Think Tanks Lay Out Key Defense Strategies For Next President

Despite the complexity of the global environment and the chaos in multiple regions, the United States remains relatively secure. But Americans feel less secure because of the threat of the unknown. And military analysts also share that anxiety because they know the United States faces several long-term threats that may or may not emerge. As the reigning superpower, who leads the United States is incredibly important, as is where they choose to lead the nation.

Several think tanks have recently focused their attention on the challenges the next president may face and offer counsel on how to navigate an ever-changing international landscape.

In order to set the US in the best position to respond to emerging and growing threats, The conservative Hoover Institution’s Working Group on Foreign Policy and Grand Strategy has released a national security strategy that acknowledges this uncertainty and the reality that the nation does not have limitless funds.

The Pragmatic Engagement Amidst Global Uncertainty: Three Major Pragmatic Challenges attempts to lay out the conceptual and policy road map for success.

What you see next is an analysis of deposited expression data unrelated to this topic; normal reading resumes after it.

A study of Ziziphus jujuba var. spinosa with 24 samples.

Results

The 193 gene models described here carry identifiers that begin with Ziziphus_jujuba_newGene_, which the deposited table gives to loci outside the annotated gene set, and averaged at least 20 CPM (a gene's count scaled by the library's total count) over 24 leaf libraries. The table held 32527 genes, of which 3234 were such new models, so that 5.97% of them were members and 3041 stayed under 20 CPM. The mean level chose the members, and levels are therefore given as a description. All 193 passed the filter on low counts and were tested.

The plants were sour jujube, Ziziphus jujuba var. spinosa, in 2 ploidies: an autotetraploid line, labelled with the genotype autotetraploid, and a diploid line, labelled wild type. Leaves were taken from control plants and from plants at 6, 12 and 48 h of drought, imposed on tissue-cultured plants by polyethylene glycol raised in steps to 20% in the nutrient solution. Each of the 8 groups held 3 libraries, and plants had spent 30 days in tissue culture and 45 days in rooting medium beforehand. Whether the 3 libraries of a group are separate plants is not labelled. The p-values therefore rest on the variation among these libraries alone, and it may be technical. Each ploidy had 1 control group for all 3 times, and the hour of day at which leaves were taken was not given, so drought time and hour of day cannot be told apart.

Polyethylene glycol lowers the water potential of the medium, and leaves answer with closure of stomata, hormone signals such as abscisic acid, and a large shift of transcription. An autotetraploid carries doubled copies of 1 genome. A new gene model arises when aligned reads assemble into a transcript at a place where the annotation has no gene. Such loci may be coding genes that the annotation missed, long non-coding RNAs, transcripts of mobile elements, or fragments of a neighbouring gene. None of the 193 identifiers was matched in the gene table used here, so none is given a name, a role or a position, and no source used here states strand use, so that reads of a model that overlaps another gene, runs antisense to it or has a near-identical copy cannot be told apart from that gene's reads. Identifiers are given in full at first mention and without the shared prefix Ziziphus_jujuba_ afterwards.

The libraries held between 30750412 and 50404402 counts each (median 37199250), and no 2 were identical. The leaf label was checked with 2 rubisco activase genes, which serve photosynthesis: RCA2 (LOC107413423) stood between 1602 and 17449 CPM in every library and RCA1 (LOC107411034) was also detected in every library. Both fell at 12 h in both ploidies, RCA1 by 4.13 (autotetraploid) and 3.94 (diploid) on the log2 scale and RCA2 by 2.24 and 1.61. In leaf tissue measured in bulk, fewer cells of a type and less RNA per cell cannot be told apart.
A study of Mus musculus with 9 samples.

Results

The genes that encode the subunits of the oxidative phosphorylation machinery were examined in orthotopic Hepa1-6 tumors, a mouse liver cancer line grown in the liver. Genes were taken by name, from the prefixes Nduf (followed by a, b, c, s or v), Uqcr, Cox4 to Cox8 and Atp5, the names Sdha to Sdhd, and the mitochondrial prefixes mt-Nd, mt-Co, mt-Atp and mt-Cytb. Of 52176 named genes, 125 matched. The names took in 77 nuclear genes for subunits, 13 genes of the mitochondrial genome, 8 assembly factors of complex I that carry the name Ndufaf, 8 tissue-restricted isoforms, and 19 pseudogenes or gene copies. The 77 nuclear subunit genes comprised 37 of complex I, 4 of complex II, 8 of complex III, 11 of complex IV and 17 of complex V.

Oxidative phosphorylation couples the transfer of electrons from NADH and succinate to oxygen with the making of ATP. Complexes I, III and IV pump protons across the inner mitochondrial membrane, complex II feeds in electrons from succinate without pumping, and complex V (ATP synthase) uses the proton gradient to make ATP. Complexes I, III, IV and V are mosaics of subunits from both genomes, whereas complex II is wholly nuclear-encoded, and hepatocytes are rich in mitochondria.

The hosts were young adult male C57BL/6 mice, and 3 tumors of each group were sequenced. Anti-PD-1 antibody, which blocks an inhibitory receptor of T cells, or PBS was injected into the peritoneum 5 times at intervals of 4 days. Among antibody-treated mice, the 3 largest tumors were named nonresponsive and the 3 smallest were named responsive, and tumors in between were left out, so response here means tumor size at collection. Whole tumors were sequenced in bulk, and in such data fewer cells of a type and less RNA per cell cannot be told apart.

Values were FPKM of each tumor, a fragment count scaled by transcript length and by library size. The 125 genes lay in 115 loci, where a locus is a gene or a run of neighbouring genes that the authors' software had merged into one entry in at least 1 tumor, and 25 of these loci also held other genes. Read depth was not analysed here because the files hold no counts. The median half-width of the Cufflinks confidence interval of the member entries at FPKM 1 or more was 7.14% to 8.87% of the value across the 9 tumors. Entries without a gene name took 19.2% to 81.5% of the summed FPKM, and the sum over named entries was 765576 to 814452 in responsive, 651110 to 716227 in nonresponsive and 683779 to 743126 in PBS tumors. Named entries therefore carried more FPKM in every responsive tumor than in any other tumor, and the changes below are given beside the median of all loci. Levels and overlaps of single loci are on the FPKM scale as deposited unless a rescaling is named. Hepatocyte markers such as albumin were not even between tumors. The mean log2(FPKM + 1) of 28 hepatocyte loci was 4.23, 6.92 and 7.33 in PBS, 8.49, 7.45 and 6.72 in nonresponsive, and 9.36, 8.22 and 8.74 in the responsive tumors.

The strategy recognizes threats from two conventional enemies with substantial resources, Russia and China, and a third challenge that consists of “black swan” dangers such as nuclear, biological, or cyber attacks that could kill thousands or even millions of people or could severely disrupt liberal society.

” These black swan dangers arise from state and non-state actors such as transnational terrorist groups. The United States must have a national security strategy that can address these threats, any of which might or might not emerge. Such a strategy must acknowledge uncertainty, accept that in dealing with autocratic states there may only be choices among unattractive options,” says the report.

The Brookings Institute, which leans more toward the middle-left, also has weighed in, most recently hosting an event examining defense and security options for the next president. Among those speaking were Mackenzie Eaglen of the American Enterprise Institute, Robert Kagan of Brookings, and James Miller, former undersecretary for policy at the Department of Defense.

Brookings’ Ian Livingston has provided a brief summary of the viewpoints shared during the talk.

The Carnegie Foundation for International Peace released a report last month addressing how the international community can coordinate efforts to strengthen governance of cyberspace activities in the face of accelerating challenges.